Friday, January 11, 2013
Jeff Lang "Carried In Mind" (4.5*)
Saying something like here’s another Jeff Lang album that’s everything the long time listener would expect might sound rather like damning the album with faint praise, but right from the beginning of Running By The Rock all the regular elements are there in abundance. Impassioned vocal, furious supercharged slide guitar that’s sitting on the theoretically improbable but in Lang’s case close to inevitable margin between virtuoso and gutbucket, and it stays in that sort of territory right the way through to Way Past Midnight.
Some of the elements change from recording to recording. Here, he’s integrated Garrett Costigan on pedal steel alongside his regular rhythm section of Danny McKenna (drums) and Grant Cummerford (bass). You’ll also, invariably, get some light and shade, and after the fury of Running By The Rock the pedal steel comes to the fore in the is reflective and restrained I'm Barely There.
Fisherman's Farewell, co-written with his wife Alison Ferrier, who also contributes harmonies, works as a minimalist showcase for Lang’s guitar chops, with moodily atmospheric burbling underpinning the vocal and the tone gets a tad heavier for Towards Love with Lang delivering Neil Young-style fuzz while Costigan’s pedal steel hovers above.
Costigan’s moody contributions are there again in Mama, Why You Holding Back Now? which taps into darker emotions surrounding domestic violence and emotional blackmail before a minute and a bit of eerie san xian (Chinese lute) in an instrumental You Never Know Who's Listening and the traditional Jack-A-Roe, which Lang first heard on Dylan's World Gone Wrong, a track that sits comfortably beside Lang’s sparse but very traditional sounding tale of rape and murder on Newbridge, a prime piece of what Lang would describe as Disturbed Folk.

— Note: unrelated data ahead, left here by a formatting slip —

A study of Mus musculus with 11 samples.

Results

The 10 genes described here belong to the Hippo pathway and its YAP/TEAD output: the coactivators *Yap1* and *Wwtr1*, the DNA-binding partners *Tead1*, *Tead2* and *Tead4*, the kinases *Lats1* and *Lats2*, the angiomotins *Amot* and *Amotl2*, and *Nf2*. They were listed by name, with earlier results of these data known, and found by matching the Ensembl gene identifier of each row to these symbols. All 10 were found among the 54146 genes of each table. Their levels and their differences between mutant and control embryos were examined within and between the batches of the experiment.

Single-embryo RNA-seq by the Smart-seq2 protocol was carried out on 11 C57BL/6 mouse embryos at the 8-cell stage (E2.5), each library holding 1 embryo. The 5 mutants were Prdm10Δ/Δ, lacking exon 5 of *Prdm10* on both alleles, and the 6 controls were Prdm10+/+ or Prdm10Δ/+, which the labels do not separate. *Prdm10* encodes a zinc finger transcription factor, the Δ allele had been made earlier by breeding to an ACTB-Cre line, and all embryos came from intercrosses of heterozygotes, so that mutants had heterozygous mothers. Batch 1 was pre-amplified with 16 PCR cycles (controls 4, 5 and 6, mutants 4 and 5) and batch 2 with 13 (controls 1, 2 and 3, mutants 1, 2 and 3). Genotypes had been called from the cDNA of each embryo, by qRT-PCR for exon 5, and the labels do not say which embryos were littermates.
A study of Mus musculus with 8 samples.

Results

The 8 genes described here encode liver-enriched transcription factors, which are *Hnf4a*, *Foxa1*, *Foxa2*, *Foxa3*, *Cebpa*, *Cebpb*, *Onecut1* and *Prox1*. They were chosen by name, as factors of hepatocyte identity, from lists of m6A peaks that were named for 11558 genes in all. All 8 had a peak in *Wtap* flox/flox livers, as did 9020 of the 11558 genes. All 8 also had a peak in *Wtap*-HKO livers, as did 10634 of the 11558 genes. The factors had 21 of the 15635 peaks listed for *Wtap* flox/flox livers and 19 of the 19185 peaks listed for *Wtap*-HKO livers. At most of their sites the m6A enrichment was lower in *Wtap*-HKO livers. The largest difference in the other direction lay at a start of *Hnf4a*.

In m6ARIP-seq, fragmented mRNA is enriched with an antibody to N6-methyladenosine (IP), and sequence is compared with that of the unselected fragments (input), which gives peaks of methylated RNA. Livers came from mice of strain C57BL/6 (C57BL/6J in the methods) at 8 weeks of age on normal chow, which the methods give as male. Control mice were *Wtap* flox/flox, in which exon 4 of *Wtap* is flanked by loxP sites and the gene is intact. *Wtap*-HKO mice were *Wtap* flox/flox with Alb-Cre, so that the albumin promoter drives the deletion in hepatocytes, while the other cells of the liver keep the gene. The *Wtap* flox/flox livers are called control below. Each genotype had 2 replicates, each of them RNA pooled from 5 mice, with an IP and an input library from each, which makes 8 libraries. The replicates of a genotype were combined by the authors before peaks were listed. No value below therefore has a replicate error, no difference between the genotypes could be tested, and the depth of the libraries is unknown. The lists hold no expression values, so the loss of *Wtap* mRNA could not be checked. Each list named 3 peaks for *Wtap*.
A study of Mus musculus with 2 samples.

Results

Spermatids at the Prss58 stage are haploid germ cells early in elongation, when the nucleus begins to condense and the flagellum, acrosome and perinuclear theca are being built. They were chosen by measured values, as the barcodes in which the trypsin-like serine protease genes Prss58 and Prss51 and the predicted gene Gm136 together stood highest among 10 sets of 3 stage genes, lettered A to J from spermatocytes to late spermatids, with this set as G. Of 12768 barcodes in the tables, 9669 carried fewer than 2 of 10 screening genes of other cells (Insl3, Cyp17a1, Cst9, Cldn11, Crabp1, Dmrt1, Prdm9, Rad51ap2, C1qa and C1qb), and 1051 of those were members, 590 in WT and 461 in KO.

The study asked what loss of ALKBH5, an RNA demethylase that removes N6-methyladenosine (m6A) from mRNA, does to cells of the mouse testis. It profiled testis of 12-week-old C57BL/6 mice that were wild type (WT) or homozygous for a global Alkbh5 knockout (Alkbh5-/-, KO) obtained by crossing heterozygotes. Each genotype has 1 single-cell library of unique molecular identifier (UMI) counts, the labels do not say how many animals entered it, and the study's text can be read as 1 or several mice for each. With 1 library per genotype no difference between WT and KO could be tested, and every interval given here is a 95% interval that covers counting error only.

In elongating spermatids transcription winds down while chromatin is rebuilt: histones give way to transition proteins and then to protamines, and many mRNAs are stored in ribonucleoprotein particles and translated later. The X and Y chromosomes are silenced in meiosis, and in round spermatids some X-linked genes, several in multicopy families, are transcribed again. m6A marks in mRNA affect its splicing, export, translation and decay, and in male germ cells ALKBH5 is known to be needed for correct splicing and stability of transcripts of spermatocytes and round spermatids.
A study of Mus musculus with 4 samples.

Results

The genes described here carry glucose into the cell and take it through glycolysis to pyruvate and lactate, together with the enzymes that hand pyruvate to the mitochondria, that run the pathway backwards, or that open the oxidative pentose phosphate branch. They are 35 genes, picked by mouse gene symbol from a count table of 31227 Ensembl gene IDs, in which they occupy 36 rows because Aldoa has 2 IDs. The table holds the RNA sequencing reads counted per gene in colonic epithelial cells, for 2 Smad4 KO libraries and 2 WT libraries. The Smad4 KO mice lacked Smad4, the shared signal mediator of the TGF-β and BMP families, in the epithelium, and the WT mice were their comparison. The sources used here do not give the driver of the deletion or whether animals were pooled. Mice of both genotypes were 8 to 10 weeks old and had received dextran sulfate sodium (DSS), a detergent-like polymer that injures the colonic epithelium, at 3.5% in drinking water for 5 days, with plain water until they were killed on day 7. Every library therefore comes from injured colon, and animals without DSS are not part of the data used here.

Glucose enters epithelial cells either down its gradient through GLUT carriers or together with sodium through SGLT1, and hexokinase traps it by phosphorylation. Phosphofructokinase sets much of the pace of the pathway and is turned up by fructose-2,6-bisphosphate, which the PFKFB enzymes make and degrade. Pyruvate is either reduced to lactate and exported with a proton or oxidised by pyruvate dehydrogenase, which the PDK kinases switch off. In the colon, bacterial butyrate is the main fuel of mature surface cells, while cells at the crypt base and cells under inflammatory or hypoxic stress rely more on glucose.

Or rather, it would if there wasn’t an intriguing cross between Little Richard and AC/DC on Frightened Fool, a little rocker with an earworm chorus that mightn’t quite be up there with awopbopaloobopalopbamboom but isn’t that far off it in between the two. The track would be good fun if it wasn’t for the violence that underlies the lyrics. As it is, it serves to give a little bit of light relief in between Jack-A-Roe and the very chilling Newbridge.
The album closes with a fatherly lullaby in Way Past Midnight and the whole, cut live (eyeball to eyeball in the man’s own words) in Lang’s own studio onto 8-track analogue tape is very much another Jeff Lang album that’s everything the long time listener would expect. Lang has been working this vein of traditional-sounding song reworked and reinvented for so long, pushing his own envelope so consistently as he seeks to add further variations to his extensive bag of tricks that his latest collection of disturbed folk is guaranteed to provide an intriguing listen that will reward frequent replays.